Councillors accused of taking credit for county’s low rates of coronavirus
- Credit: Archant
Councillors have been criticised for taking credit for Norfolk’s low rate of coronavirus infections and failing to learn the lessons of the Covid-19 pandemic.
A report on the lessons learned and issues faced during the crisis so far is set to be presented to Norfolk County Council’s cabinet meeting on Monday, August 3.
But opposition groups blasted the Conservative leadership for “backslapping” and deflecting key questions about the emergency response to the disease - something council leader Andrew Proctor said he does not accept.
Labour group leader Steve Morphew said: “The is all about management and nothing about leadership of the county.
“Council officers did a great job but the political leadership gets no mention. We’ve seen little sign of their involvement, responsibility or accountability. Instead we’ve seen backslapping and taking credit for the work of others. We keep asking questions that are deflected rather than answered.”
“Norfolk deserves better. The families of those we lost, those who made sacrifices and the heroes of the pandemic really deserve better even at this stage.”
“The reality is the virus arrived later than elsewhere. Norfolk people were very responsible about the pandemic and what needed to be done right from the outset. Rather than congratulating themselves, they should thank the public for their restraint.”
He said the Lib Dem group was calling for “an independent local enquiry”, citing the “hundreds of businesses that “fell between the gaps”, the high rates of the virus in West Norfolk, and levels of care home deaths in South Norfolk.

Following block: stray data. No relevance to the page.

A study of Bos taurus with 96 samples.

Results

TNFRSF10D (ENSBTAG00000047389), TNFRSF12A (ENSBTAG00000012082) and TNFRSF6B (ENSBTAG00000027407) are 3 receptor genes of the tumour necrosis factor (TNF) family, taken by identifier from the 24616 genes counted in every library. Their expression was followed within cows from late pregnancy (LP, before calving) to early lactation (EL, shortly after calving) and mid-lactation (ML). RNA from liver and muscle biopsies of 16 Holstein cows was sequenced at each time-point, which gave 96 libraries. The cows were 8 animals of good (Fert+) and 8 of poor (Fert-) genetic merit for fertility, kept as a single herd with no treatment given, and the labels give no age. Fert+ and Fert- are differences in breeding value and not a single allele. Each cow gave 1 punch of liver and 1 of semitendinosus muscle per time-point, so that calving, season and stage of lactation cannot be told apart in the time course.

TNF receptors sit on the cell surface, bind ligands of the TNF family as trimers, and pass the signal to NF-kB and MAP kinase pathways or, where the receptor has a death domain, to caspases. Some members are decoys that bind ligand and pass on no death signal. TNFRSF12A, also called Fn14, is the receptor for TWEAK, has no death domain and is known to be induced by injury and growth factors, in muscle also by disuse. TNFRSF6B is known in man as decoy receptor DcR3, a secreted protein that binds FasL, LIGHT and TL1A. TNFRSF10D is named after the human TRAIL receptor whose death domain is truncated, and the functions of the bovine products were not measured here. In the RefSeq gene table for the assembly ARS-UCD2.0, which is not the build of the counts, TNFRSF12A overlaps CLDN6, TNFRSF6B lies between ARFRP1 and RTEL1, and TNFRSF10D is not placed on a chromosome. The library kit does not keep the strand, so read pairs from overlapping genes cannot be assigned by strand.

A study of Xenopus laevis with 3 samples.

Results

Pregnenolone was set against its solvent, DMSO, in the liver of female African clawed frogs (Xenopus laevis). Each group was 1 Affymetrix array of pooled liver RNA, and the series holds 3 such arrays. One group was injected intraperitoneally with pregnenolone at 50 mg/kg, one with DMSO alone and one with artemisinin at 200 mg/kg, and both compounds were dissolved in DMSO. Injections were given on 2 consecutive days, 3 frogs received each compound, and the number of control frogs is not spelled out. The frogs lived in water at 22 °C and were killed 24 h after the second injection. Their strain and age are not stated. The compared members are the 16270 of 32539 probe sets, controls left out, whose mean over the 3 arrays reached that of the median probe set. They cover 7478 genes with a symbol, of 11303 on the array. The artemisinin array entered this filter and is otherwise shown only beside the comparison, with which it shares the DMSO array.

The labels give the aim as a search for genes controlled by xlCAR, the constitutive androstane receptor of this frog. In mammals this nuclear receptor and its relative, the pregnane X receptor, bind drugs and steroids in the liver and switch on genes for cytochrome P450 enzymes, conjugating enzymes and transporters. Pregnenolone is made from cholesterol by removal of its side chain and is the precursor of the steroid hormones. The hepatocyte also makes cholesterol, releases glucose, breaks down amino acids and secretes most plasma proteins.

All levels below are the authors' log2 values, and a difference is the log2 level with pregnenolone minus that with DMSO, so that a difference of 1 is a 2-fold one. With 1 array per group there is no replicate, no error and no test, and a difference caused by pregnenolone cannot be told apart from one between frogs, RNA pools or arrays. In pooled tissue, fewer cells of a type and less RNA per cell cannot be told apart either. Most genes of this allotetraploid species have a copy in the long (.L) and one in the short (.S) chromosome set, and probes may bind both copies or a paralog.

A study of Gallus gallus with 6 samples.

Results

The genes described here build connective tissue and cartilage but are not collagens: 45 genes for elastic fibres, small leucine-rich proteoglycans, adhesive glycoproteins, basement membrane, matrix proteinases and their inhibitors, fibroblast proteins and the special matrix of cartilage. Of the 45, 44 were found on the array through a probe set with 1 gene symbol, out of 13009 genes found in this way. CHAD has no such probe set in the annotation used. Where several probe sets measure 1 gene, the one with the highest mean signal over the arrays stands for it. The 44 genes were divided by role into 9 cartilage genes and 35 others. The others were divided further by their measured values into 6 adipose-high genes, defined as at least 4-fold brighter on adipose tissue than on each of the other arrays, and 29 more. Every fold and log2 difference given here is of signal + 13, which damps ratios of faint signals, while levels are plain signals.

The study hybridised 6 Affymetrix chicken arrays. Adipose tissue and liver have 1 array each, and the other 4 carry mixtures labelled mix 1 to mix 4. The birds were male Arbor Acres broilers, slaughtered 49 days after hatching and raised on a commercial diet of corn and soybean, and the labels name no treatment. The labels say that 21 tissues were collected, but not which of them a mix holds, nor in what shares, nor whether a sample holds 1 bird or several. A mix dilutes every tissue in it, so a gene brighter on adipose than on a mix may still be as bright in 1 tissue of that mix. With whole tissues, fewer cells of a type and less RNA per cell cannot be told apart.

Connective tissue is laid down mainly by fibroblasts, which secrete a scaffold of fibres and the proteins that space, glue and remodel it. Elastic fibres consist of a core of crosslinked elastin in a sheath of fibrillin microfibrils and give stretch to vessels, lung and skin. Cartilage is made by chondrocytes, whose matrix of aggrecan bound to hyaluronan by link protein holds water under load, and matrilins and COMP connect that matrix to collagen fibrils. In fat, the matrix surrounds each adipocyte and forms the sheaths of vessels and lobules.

“No organisation should be left to mark its own card,” Mr Aquarone added. “Recent committee meetings suggest that there are some Conservatives who are of the same view.”
Mr Proctor said: “I’m pleased that Mr Morphew and Mr Aquarone have recognised the excellent work of the council and its partners.
“However, it’s a shame that they want to make cheap political points, at a time when my sole focus is supporting our county and minimising the impact of any second wave.
“I simply don’t recognise this backslapping both refer to and this report is about summarising the facts of what happened, the learning from the vast range of work done and how we as a whole council will work in the future.
“It isn’t just the council involved it’s also all our partners and it doesn’t stop here.
“Covid-19 is still with us and all indicators are that there is likely to be a second spike of infection in the months to come and that’s what we need to ensure we prepare for, which we are doing, and the council will be in a better place to respond.
“And part of that response is working to get Norfolk’s economy going again.”
He added: “Mr Aquarone’s comment that politicians are trying to claim credit for the low rate of infection shows he has clearly not read the report properly and failed to see this key comment ‘this responsible approach from Norfolk’s communities is indeed one of the reasons that we have thankfully seen lower infection rates than elsewhere.’
“In the cabinet meeting on May 11, I specifically said that the response to Covid-19 in Norfolk has been a huge community and partnership effort spearheaded by local government.
“And that is still the case. I also made a point of thanking everyone for what they have done.
“The Conservative political leadership of Norfolk County Council has worked hand in hand with all our officers, staff and partners to ensure that Norfolk’s response has been the best it could be. That will always be our approach – doing the best for Norfolk.”